The De Beers Group is strategizing a comprehensive overhaul of its operations following Anglo America's decision to separate or sell off the diamond company.

This, according to Al Cook, Chief Executive Officer of De Beers Group, will help the business save $100 million.

In this week's edition of the Extractor Magazine, Cook stated that De Beers Group intends to leverage technology to be at the forefront and would take into account further initiatives for Namibia, Botswana, and Canada.

De Beers is a fifty percent shareholder with the Namibian government in Namdeb and Debmarine.

Following the Australian mining giant BHP's $824 billion acquisition offer, Anglo American is splitting from its diamond business partner to streamline the organisation and free up funds for shareholders.

Anglo American had also stated that they would be restructuring and simplifying their portfolio by focusing on copper and premium iron ore, which are used in electric vehicles and for steel production.

Although it has been reported that the sale of De Beers would not affect any of its operations in Namibia, there are concerns about potential sales implications.

In an interview with Business Today, Finance Minister Iipumbu Shiimi hinted that the government is closely monitoring the developments without revealing details.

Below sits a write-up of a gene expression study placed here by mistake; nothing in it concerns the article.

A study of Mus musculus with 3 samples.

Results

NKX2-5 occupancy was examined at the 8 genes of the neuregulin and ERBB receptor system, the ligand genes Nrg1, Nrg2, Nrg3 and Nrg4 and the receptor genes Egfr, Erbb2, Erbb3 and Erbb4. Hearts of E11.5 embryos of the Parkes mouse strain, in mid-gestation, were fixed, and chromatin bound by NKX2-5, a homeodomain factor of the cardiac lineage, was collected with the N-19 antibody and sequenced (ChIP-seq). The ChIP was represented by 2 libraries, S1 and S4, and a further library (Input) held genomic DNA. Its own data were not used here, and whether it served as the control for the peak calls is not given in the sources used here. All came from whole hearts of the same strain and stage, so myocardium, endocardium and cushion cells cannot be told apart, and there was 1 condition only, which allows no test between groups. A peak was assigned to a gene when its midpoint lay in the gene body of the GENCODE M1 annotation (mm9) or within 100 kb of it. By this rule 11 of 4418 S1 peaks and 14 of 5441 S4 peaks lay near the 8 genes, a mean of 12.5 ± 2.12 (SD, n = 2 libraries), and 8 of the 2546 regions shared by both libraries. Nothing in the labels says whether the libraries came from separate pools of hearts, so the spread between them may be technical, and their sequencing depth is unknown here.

Shiimi also commented on the issue of synthetic diamonds, expressing concerns about the potential risks it poses to the sale of natural diamonds and the market.

However, Shiimi noted that De Beers and partners are working hard to persuade customers about the benefits of purchasing natural diamonds.

"When you support a naturally produced diamond, you are not just buying a diamond; you are supporting communities, and they have to demonstrate the number of people they produce and the number of people they train because you won't be able to employ a large number if you are producing diamonds in a lab, and therefore you have a better narrative to tell. And I think it's incumbent upon us, especially those coming from diamond-producing countries, to tell our stories better for the world, customers, and people who buy diamonds to understand that you are impacting positively on the lives of people when buying a natural diamond."

De Beers has also announced its exit from producing lab diamonds.